Michael Bloomberg Won’t Be on Nevada Ballot

January 2, 2020 Updated: January 2, 2020

Nevada voters won’t be able to caucus for former New York City Mayor Michael Bloomberg.

Thirteen candidates filed out the necessary paperwork to get on the state’s preference card, including all the top candidates except for Bloomberg.

Bloomberg, 77, has not focused much on the four earliest voting states—Nevada, Iowa, New Hampshire, and South Carolina—hoping instead to win states on Super Tuesday, when voters in more than a dozen states will head to the polls.

Bloomberg is the latest entry into the Democratic primary, not announcing his candidacy until late November 2019.

The Nevada State Democratic Party announced the candidates who will appear on the card on Jan. 1, a day after the filing deadline passed.

Candidates who will be on the card include Sen. Michael Bennet (D-Colo.), former Vice President Joe Biden, Sen. Cory Booker (D-N.J.), South Bend Mayor Pete Buttigieg, former Rep. John Delaney (D-Md.), Rep. Tulsi Gabbard (D-Hawaii), Sen. Amy Klobuchar (D-Minn.), Sen. Bernie Sanders (I-Vt.), Sen. Elizabeth Warren (D-Mass.), billionaire Tom Steyer, author Marianne Williamson, entrepreneur Andrew Yang, and former Massachusetts Gov. Deval Patrick, who announced his entry in the race just before Bloomberg.

Epoch Times Photo
From left: Democratic presidential hopefuls Mayor of South Bend Pete Buttigieg, Sen. Elizabeth Warren (D-Mass.), former Vice President Joe Biden, and Sen. Bernie Sanders (I-Vt.) participate in the sixth Democratic primary debate of the 2020 presidential campaign season at Loyola Marymount University in Los Angeles on Dec. 19, 2019. (Robyn Beck/AFP via Getty Images)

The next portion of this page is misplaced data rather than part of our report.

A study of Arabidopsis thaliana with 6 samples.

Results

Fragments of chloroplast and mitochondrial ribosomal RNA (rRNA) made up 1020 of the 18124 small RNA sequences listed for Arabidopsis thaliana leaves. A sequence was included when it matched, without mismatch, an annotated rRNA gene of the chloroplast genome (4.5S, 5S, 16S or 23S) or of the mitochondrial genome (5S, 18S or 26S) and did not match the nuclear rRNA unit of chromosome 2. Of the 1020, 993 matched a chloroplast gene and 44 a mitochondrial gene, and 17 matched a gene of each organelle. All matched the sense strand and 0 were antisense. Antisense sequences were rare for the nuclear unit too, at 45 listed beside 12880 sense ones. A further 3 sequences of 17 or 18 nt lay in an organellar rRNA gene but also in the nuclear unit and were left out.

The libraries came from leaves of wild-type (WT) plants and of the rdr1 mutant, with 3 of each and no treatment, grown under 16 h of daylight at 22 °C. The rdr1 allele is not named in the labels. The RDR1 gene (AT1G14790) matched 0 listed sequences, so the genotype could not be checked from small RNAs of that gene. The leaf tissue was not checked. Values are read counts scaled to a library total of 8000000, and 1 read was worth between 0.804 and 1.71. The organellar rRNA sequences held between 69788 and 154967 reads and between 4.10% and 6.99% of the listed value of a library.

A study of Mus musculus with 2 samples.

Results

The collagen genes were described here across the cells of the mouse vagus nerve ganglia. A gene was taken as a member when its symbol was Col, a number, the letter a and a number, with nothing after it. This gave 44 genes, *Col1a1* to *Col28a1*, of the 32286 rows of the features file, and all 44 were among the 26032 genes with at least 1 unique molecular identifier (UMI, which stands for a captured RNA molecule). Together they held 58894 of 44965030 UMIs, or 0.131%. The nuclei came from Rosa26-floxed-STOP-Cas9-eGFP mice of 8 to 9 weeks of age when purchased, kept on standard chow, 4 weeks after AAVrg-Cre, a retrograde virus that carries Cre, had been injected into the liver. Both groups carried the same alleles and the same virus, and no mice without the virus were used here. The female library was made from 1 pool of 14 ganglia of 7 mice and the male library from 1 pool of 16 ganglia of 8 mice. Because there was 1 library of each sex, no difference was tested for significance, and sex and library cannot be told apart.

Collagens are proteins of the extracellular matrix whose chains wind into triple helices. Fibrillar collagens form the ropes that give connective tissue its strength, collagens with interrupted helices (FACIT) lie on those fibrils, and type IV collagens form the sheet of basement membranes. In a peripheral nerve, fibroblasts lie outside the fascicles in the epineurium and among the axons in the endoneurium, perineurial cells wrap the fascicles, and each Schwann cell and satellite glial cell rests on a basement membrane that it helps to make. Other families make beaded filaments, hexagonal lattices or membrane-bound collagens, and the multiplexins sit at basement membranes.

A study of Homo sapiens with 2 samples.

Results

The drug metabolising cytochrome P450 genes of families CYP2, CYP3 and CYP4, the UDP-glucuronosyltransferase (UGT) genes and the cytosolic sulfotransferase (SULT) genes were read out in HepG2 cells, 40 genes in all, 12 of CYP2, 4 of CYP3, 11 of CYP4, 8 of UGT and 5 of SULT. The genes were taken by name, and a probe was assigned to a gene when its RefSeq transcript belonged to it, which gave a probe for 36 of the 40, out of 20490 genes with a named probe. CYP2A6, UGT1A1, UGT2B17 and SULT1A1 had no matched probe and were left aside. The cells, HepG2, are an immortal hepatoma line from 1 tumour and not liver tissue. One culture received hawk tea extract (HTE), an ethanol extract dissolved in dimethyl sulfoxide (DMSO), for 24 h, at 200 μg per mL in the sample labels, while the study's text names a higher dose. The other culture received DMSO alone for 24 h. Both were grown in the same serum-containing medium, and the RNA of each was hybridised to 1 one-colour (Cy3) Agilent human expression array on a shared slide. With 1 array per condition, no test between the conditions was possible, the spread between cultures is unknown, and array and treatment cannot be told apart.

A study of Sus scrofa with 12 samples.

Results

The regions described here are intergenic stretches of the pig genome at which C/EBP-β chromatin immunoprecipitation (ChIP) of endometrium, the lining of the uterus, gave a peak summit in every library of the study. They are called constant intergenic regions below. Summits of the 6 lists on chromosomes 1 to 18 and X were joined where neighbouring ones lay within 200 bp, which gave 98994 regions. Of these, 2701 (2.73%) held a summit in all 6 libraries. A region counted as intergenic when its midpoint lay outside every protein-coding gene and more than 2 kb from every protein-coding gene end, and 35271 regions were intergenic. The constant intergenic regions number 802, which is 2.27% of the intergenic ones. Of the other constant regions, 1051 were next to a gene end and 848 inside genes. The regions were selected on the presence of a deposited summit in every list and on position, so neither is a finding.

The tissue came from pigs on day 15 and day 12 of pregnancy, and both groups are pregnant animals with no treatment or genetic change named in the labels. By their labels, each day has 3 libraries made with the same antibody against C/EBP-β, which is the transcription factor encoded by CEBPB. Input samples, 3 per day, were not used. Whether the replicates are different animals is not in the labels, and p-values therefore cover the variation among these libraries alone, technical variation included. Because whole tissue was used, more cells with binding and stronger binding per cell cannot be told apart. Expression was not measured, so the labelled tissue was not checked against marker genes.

“As the first diverse early state and a key battleground state, Nevada plays a crucial role in the presidential nominating process, making our state a bellwether for the direction of the country. We’re beyond excited to have an incredible and diverse slate of candidates competing in our First in the West Caucus in 2020,” Nevada State Democratic Party Chair William McCurdy II said in a statement.

A caucus is governed by rules established by a political party. The Feb. 22 caucus will feature voters gathering in groups to show their preference for their top candidates. They’ll also fill out preference cards recording who they want to win the caucus.

If the groups for some candidates are too small, the candidate is eliminated from receiving a delegate, according to the state party. Those voters will then need to join a different group. Larger groups will earn the contender a delegate or more than one delegate, who will go to state and national conventions to determine the eventual Democratic presidential nominee.

Nevada had 43 delegates at the Democratic National Convention in 2016, according to the Reno Gazette-Journal. Candidates needed 2,382 of the 4,763 of the total delegates to get the nomination. This election, the state will have 36 pledged delegates and 12 unpledged delegates, which include the two U.S. senators representing the state and other members of Congress. There will be an estimated 4,594 delegates in total.